Today is the day to spread the word that mental health matters and that it’s okay to not feel okay. Not only is it World Mental Health Day but it’s Mental Illness Awareness Week, which was established in 1990 by Congress to shine a spotlight on mental illness. This year, the National Alliance on Mental Illness (NAMI) is promoting the theme “CureStigma” in an effort to encourage more people to speak up and seek help.

“When you feel anxious, you feel depressed, or you feel like there’s a lot of stress going on in your life, it’s okay to speak up, just as you would speak up if you had a lump under your skin or if you had migraine headaches,” Tyler Corson, a board member with NAMI-Virginia Beach, said in a statement. “We want young people and people of every age to speak up when they have mental health issues.”

In honor of this week, here are some reasons why there’s no shame in speaking up about your mental illness:

  • You’re not alone. Most of us know someone impacted by mental illness, whether it’s a personal struggle or the struggle of a friend or loved one. In fact, one in five Americans is believed to be suffering from a mental health issue like depression or anxiety. And the numbers may even skew higher since many are afraid to come forward about their struggle.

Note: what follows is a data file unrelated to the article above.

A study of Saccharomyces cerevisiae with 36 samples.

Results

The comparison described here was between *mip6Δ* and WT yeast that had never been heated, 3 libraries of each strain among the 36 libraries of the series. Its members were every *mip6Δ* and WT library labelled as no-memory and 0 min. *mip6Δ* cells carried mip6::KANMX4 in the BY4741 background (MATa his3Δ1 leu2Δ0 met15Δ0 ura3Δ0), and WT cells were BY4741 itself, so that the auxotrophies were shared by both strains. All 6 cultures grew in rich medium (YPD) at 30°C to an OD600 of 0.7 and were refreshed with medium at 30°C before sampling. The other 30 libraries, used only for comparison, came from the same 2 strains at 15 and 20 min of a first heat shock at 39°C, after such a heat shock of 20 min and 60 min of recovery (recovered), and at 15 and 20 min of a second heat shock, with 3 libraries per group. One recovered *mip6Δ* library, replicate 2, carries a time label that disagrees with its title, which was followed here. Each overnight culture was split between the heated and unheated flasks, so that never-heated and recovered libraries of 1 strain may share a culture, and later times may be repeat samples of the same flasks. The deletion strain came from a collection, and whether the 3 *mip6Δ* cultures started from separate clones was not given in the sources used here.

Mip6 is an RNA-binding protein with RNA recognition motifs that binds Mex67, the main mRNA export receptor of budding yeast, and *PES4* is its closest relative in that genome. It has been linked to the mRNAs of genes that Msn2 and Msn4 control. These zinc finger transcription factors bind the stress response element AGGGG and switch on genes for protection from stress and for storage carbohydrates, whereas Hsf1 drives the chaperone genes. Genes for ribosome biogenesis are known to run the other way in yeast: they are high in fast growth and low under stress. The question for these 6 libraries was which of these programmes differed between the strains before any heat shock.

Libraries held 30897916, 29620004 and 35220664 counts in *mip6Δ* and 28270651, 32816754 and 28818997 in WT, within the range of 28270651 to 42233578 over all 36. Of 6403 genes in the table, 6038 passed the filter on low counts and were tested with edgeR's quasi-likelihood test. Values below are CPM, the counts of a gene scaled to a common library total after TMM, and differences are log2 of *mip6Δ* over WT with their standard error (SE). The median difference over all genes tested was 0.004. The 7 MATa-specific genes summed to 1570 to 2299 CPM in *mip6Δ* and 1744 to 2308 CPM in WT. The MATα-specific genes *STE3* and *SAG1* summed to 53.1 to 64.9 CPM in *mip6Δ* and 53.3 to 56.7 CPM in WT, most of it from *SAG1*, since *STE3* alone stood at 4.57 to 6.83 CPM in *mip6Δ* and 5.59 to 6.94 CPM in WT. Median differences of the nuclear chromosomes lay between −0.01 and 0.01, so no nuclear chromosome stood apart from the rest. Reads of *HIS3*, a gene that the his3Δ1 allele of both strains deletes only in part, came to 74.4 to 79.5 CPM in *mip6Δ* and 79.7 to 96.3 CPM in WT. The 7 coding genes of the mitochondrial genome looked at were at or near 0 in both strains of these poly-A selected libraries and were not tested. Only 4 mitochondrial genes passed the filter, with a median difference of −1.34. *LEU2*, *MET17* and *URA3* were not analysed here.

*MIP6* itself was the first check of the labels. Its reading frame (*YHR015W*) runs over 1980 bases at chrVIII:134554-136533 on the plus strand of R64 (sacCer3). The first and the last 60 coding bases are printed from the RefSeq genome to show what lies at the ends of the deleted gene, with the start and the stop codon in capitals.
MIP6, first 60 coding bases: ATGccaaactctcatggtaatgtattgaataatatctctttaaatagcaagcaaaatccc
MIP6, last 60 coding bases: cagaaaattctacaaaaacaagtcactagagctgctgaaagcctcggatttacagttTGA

• You’ll educate others. Perhaps the best way to cure stigma is a healthy dose of knowledge, including the risk factors, symptoms, treatment and prevention methods of mental illness. The better society understands what it’s like to live with a mental illness, the more accepting they’ll hopefully be.
  • You’ll inspire others to seek help. Stigma can cause people with mental illness to feel isolated, shameful and stereotyped and, in turn, this can prevent treatment and hinder recovery. By talking openly to others about mental illness, you can help convince people that they don’t have to suffer alone and that there is no shame in seeking help.

The Road to Recovery

If you or someone you love is self-medicating with drugs or alcohol instead of seeking proper treatment, today is the day to get help. A co-occurring mental illness and substance use disorder must be treated together for the best results. Our program is structured to address the underlying factors that led to mental health issues and addiction. To learn more, call today: 888-483-0528.